Since it opened in 1994, Paley's Place has created a name for itself among Portland's best restaurants, thanks to unpretentious, imaginative cooking. Typically, chef Vitaly Paley asks a simple question: "What can you do to a carrot that hasn't been done before?" And his food suggests a remarkable answer: "You can cook it perfectly."
Paley and his wife, Kimberly, serve sensuous food at their Northwest Portland restaurant--think of escargots surrounding a bone oozing with succulent marrow and bathed in a rich, mahogany-hued and garlic-infused bordelaise sauce made from reduced veal stock and red wine--yet Vitaly is an intellectual cook. That is, he experiments and invents with a rigorous sense of how elements extract flavors from one another in unexpected ways. If he has a signature dish, it might be diver scallops in demi-deuil (half-mourning): bivalves sautéed in sea urchin and grapefruit butter (for notes both sweet and bitter), topped with black truffle shavings--a daring but perfectly correct pairing.
The restaurant's cuisine is hard to label definitely, though Northwest with accents of France would be close. While there are such new and brilliantly fresh plates as briny, smoky oysters mingled with diced orange and peppery salsa, the restaurant's roots remain in country French, inflected with personal touches. Thus, a saddle of rabbit is sliced and the tender meat is wrapped around prunes. Treviso, torpedo-shaped radicchio, are grilled with a poached egg, then Manchego cheese is showered on the bitter vegetable, sweetened and salted with a bacon vinaigrette. And delicate sweetbreads take on an assertive punch when sauced with sweet-and-sour condiments and enlivened with crunchy Brussels sprouts and winter squash.
To sample Paley's gastronomical wit, order the buffalo wings, here made with quail instead of barnyard chicken. The dedication to putting an individual stamp on everything is apparent here, from a pepper-flaked and orange-zested catsup that's packed with a pungency Teresa Heinz's in-laws could never have imagined, to homemade potato chips that make Kettle Chips seem stale, flat, weary and unprofitable.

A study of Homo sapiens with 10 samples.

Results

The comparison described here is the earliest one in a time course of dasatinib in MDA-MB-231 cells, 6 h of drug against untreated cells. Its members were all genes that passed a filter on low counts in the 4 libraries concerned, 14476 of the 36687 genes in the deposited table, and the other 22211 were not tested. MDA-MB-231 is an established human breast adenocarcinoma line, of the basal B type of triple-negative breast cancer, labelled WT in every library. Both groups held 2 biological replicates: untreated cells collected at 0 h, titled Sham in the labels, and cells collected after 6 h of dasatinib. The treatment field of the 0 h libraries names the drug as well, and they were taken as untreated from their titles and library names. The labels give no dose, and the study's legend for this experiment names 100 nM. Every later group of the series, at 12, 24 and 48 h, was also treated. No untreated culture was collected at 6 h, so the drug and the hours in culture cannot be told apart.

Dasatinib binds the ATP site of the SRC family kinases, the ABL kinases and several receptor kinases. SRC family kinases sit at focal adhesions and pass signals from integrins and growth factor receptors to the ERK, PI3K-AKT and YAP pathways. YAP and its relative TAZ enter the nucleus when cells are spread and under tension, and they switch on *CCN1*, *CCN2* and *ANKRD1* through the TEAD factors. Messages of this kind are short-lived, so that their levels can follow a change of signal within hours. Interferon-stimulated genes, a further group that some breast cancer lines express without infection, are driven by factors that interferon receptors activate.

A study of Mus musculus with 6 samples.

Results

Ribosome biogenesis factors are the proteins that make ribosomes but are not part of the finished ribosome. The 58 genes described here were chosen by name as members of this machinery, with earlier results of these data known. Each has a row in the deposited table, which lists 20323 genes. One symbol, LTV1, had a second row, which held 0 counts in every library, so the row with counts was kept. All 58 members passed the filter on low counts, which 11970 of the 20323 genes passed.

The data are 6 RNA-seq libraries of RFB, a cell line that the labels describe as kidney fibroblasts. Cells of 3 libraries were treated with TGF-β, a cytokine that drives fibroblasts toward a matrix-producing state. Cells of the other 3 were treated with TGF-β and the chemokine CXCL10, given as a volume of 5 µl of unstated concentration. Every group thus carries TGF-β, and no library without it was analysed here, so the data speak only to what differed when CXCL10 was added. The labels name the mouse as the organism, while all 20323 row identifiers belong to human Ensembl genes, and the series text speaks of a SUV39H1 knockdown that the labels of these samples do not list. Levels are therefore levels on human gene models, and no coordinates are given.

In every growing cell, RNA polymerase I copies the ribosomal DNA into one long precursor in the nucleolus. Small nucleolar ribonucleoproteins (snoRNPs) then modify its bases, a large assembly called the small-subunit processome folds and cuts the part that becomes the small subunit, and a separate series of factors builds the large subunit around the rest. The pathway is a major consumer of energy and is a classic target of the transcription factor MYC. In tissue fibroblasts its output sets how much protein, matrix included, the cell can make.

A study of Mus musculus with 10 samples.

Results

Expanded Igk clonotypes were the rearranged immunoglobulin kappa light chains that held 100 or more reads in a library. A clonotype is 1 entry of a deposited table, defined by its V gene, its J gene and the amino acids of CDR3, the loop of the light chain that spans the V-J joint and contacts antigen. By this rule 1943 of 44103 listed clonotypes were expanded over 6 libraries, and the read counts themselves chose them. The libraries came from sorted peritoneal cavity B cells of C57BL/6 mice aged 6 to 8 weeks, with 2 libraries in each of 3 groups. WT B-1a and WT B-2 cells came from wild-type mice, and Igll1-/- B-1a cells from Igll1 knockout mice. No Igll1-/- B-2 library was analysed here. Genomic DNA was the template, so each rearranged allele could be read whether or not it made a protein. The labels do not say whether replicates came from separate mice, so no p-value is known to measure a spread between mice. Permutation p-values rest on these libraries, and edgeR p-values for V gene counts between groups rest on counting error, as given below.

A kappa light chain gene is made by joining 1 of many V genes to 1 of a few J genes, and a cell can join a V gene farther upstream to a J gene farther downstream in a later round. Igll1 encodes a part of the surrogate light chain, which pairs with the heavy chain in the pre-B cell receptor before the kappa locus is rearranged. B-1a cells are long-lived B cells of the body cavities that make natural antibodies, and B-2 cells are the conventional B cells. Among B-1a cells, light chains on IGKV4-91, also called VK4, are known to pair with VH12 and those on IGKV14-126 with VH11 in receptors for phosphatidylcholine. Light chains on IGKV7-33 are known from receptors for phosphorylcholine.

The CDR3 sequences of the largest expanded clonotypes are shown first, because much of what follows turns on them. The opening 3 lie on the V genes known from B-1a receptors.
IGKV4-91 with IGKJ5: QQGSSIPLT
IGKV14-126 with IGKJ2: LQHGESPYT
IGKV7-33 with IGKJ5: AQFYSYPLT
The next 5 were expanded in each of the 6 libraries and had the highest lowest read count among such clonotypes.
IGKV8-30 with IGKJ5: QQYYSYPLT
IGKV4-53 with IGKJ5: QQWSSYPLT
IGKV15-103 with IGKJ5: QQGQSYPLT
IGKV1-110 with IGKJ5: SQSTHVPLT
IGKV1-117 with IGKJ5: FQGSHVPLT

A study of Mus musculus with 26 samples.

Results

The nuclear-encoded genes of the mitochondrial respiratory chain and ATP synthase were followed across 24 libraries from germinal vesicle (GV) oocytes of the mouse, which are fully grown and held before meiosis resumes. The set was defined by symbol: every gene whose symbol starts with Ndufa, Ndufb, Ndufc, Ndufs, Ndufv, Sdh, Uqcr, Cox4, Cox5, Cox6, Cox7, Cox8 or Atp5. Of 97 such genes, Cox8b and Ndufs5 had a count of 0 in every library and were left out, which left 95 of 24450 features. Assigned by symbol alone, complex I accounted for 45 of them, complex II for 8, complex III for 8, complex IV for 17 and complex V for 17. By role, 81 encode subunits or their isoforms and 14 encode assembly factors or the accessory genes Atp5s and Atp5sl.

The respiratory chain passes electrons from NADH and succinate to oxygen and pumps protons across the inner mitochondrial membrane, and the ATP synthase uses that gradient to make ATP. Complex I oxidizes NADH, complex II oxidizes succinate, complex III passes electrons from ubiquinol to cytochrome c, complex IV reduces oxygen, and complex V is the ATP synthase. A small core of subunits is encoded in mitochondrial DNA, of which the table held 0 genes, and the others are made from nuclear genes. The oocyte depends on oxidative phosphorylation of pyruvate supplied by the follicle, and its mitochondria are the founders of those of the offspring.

The experience of dining at Paley's is both modestly elegant and intimately homey. The main room of the converted house is restrained and tasteful, while the bistro area offers a more informal and lively nook. Everything works in concert, from the baskets of chanterelles, pears, apples and nuts on the porch to the greeting by Kimberly Paley (considered by the industry the best front-of-house person in town), from the fresh flowers on each table to the crisply attentive but never-cloying service. The kitchen staff is well trained, and those who prep don't use that term, because in this kitchen even chopping is considered part of the creative process of cooking.
Before he became a chef, Paley was a Juilliard-trained classical pianist, while Kimberly was a professional dancer. It makes sense, then, that there's a quote from Martha Graham posted in the kitchen: "Keep the channel open, aware of the urges that motivate you. No artist is ever pleased--there is only a divine dissatisfaction, a blessed unrest, that make us more alive than others."
At Paley's Place, this declaration might mean that one day gnocchi are stuffed with sheep's ricotta and porcini, another day with chestnuts, yet another with pumpkin. Or that since the menu no longer lists dishes as "appetizers" and "entrees," you can order your first or your second course in variable sizes, allowing you to compose a dinner to your desires.
Paley's Place has gotten better over the years because cooking and creating are not merely a pleasure but, the chef claims, "an addiction." He may have traded a Steinway grand for a Montague range, but Paley remains true to the music: An ingredient expresses notes, and the chef listens for them, extracting the pitch and tone so the dish "sounds" in the right key. For example, in the autumn, Paley says he likes to ride his bike out into the country, and when he spots cabbages growing in a field, his mind dreams of possible recipes. Savory cabbage "asks for" bacon, apples, cider and onions, he claims, while red cabbage "demands" cassis, honey and hazelnuts. His approach signifies an engaged and fertile imagination that brings continual excitement to the making of superb food.
There's a long-standing debate whether cooking is an art or a craft. Perhaps this duo, the pianist and the ballerina, have a special understanding of how that dispute goes, but even the most philistine among us will understand this immediately: Art here means rediscovery and renewal. And that's a good place to be as Paley's heads into its second decade.
1204 NW 21st Ave., 243-2403.
Open for dinner daily. All credit cards. Children welcome though seldom seen. $$$ Expensive.